The first (2020) edition of Zaidi’s memoir is subtitled A Memoir of a Gay Muslim’s Journey to Acceptance. ‘Acceptance’ here means, and continues to do so in the second edition, the acceptance of one’s own sexual orientation as an unchangeable given, rather than the acceptance of the narrator’s Pakistani immigrant ancestry, dark skin, and Shia Muslim faith by a dominant English culture, native ancestry, and Christian allegiance. This is important, because Zaidi’s narrator emerges as equally steadfast and magnanimous, criticising homophobia amid his familial nucleus (at one point even his own remarks as a momentary outward projection of self-loathing) just as much as casual racism within the LGBT community. Despite such existential struggles, he remains determined not to let go of either circle, and in the absence of all acrimony, he does not need to surrender either his sexual orientation or any key elements of ancestral or cultural identity in order to succeed.
The frame narrative of Zaidi’s memoir creates a cliff-hanger at the outset: the protagonist is on the London Tube’s Central Line, eastbound, heading towards suburban Essex. He is about to introduce his boyfriend to his parents, and the inner acceptance that is the subject of the following chapters may or may not be met with parental acceptance in return. (Spoiler alert: the final lines of the next paragraph contain the answer.)
With that outcome in the balance, the narrator (if at all, then presumably a thinly fictionalised version of Zaidi himself) takes his readers back to the beginnings of his journey. Amid the general unruliness, disorder, and bullying of his Walthamstow comprehensive school, he compensates, for the first but not the last time, for an obscure sense of something being supposedly ‘wrong’ with him by attempting to get everything else right – which is to say, by throwing himself into school work. He accepts his low standing in the boys’ pecking order and the recurrent abuse that this entails, but not the outlook of his own sense of otherness, instead resolving to abide by societal expectation, get married, and suppress his inclinations. His academic success is spectacular – he completes his GCSEs with top marks, wins a place at a local grammar school’s sixth firm college, and from there makes it into Oxford, to study law. This raises expectations yet further, and by the same token exacerbates the underlying personal struggles to the point of suicidal thoughts. At Oxford, he feels equally out of place among privately educated fellow students, the wealthy foreigners of the Pakistani Society, and the intransigencies of certain members of the Islamic Society. His identity appears to fit no category. Eventually, however, at Oxford, he enters a circle of likeminded friends from a variety of ethnic, religious, and social backgrounds, and these friendships provide the emotional bedrock for the narrator’s self-acceptance and gradual coming-out. Back in East London, much-dread family reactions turn out to be loving and supportive: when and where it matters, he is neither disowned, ostracised, nor stigmatised. Zaidi thus dismantles his own prejudice in order to effectively pre-empt and undo that of his audience.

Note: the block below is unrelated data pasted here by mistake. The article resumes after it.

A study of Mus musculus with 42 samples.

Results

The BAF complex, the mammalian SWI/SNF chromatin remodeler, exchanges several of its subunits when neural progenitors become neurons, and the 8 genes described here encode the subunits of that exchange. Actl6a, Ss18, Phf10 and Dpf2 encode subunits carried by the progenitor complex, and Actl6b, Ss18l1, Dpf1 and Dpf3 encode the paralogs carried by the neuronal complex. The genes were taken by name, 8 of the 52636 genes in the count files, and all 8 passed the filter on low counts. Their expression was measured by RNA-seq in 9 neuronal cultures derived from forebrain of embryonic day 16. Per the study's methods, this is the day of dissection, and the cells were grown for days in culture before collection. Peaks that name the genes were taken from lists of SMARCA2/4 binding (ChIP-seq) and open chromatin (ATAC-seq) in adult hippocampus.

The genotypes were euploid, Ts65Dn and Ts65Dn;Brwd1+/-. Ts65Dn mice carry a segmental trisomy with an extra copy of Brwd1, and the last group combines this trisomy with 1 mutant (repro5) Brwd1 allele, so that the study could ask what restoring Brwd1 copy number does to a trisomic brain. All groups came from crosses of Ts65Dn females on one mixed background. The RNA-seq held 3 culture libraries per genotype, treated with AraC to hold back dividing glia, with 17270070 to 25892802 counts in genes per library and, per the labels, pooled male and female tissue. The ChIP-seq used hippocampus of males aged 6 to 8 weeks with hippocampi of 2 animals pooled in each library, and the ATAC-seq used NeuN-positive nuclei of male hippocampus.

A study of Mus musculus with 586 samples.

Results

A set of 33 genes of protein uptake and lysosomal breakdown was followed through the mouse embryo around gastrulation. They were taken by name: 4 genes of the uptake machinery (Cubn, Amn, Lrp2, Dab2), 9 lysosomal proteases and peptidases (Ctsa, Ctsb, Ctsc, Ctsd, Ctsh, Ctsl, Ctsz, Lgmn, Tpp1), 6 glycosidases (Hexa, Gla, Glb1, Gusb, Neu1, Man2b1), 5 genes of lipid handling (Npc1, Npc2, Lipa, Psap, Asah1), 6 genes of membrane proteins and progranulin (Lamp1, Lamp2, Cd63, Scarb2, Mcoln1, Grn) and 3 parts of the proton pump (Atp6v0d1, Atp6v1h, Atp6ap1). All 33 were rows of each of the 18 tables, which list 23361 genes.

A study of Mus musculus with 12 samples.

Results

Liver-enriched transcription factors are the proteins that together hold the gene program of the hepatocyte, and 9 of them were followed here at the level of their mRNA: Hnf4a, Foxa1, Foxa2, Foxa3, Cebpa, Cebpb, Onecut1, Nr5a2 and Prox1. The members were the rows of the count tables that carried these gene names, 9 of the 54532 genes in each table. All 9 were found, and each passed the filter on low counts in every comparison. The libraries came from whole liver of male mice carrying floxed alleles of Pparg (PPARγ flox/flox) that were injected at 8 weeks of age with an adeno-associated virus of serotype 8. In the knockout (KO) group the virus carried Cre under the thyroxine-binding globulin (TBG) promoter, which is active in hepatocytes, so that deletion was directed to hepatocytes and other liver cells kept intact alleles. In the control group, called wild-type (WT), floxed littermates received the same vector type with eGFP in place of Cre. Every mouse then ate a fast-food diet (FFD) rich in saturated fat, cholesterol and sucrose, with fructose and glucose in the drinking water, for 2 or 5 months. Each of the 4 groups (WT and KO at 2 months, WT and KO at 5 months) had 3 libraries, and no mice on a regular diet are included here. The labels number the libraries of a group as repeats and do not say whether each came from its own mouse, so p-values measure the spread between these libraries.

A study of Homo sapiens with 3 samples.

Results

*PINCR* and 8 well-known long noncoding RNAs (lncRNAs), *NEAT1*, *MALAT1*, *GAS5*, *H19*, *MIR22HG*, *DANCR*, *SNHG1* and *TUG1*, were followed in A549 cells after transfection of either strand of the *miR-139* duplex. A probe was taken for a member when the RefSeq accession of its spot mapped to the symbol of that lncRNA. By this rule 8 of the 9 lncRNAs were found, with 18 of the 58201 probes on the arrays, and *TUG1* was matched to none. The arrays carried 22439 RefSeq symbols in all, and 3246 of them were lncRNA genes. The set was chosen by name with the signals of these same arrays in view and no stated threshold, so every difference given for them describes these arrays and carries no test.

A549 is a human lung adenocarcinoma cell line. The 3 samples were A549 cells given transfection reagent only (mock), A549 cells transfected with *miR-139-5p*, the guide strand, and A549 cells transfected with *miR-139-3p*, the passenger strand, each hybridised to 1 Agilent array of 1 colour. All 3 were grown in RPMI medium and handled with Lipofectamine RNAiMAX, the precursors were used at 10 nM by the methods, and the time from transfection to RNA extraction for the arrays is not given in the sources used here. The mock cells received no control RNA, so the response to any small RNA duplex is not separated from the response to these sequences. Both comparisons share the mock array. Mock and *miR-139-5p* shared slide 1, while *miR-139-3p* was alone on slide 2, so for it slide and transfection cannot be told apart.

Mark Haddon writes that ‘everyone should read’ Zaidi’s book. He is right: the book is a potential lifesaver for young men (and women) going through such and similar struggles with society’s heteronormative expectations, while at the same time it is also a persuasive, poignant elucidation of the severity of these struggles for those unfamiliar with them. The book teaches not to hate, neither oneself nor another. On top of this, Zaidi’s book allows a glimpse of contemporary East London life and its undercurrents of ethnicity, class, and religion, as well as related and intertwined cultural expectations. Many of these continue the concerns of earlier East End writers: Zaidi’s accounts of rote learning in Quran schools, for instance, echo Willy Goldman’s experiences in Whitechapel kheders during the first decades of the twentieth century. The father of Zaidi’s narrator stating that Pakistanis are only accepted as English when behaving well – otherwise they remain Pakistani – echoes Goldman’s observation that the entire community of East End Jews will be judged on the basis of the worst among them. Zaidi’s account of homosexuality is certainly more unambiguous than, say, Wilfred Owen’s in ‘Shadwell Stair’ (composed when homosexuality was still illegal) and detached from East End space, yet it nonetheless ties in with this enduring strand of East End writing. And much like the Jewish communist Alec, the protagonist of Simon Blumenfeld’s 1935 novel Jew Boy, Zaidi, too, marches for his emancipation in central London.